Saturday, May 21, 2011
Spatial Price Equilibrium and Food Webs -- Supply Chains in Nature
I continue to be fascinated by networks in nature and have been conducting research at the interfaces of economics, ecology, and operations research.
Specifically, I became intrigued by the underlying economics of predator-prey relationships in complex food webs, which are nature's supply chains.
This research has led to the paper, "Spatial Price Equilibrium and Food Webs: The Economics of Predator-Prey Networks," in which we establish that the governing equilibrium conditions underlying predator-prey interactions with multiple species correspond to the classical spatial price equilibrium conditions dating to the work of the Nobel Laureate in Economic Sciences, Paul Samuelson!
To be able to establish the equivalence between systems in ecology and in economics, as we have done, suggests an inherent commonality among entirely distinct network systems and demonstrates that interactions in ecology and biology can be interpreted economically with price functions and transportation / transaction cost functions. Another fascinating aspect of ecological networks and food webs is that nodes correspond to different species but the flows are common and correspond to biomass flows. So, such networks are single commodity ones!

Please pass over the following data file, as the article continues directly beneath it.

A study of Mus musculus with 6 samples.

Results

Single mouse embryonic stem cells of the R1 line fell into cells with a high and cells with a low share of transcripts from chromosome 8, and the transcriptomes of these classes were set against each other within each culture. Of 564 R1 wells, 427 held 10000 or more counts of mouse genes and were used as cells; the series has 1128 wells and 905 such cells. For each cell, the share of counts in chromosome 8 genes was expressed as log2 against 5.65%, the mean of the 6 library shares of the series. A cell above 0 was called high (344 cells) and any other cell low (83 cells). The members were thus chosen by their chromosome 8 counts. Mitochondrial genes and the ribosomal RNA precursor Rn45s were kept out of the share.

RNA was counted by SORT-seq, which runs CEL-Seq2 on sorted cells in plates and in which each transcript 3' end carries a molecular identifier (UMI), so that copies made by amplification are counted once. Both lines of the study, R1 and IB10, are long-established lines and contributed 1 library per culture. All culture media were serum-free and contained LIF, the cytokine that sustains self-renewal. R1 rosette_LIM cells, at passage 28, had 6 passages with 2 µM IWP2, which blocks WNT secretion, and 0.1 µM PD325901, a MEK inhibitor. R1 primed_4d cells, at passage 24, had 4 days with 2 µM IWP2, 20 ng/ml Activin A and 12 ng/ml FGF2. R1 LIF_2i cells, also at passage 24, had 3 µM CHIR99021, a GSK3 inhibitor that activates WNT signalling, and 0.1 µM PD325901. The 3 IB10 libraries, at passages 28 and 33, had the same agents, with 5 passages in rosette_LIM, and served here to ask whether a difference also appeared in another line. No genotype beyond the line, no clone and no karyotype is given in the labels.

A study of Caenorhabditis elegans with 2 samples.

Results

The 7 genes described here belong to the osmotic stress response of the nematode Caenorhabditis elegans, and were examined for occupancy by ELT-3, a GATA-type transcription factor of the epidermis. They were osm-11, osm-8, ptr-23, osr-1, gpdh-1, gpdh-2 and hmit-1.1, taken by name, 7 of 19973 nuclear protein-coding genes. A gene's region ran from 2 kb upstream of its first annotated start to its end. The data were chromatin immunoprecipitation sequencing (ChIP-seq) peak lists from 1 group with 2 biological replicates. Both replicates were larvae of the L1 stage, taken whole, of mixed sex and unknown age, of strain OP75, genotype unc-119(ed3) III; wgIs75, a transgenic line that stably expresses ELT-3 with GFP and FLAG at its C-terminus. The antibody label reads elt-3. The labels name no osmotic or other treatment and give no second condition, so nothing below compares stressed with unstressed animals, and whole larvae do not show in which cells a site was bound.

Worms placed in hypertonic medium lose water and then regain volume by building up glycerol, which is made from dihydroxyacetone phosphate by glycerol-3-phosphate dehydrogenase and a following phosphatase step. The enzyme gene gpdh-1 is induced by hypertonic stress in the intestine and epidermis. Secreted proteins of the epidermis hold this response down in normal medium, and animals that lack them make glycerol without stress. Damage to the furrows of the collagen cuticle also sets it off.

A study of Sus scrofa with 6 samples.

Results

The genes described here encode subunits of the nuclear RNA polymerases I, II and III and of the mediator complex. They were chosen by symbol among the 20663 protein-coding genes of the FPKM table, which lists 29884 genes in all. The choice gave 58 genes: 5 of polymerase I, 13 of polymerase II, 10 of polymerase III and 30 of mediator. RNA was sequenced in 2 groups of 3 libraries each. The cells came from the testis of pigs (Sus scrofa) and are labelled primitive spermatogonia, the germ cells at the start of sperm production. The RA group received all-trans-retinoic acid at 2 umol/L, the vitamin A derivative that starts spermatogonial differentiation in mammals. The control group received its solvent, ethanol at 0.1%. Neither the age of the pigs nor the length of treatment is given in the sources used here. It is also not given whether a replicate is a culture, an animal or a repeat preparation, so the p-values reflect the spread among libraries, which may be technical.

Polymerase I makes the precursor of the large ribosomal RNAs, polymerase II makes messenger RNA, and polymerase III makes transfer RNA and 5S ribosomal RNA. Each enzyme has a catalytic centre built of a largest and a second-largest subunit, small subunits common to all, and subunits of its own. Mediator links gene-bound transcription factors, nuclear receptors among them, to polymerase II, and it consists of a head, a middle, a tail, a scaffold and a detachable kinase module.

Our research included the development of a dynamic model of predator-prey interactions using projected dynamical systems theory, a theory and methodology which we developed, and which is now being used in evolutionary game theory by, among others, Bill Sandholm. I just purchased his book and am enjoying reading it. Economists (and others) are fascinated by evolutionary game theory, which has origins in biology, notably, in the work of Maynard Smith. I am delighted that our work has relevance here, as well.
Our paper is to appear in the Proceedings of the 2011 IEEE Conference on Supernetworks and System Management. This conference takes place in Shanghai next week.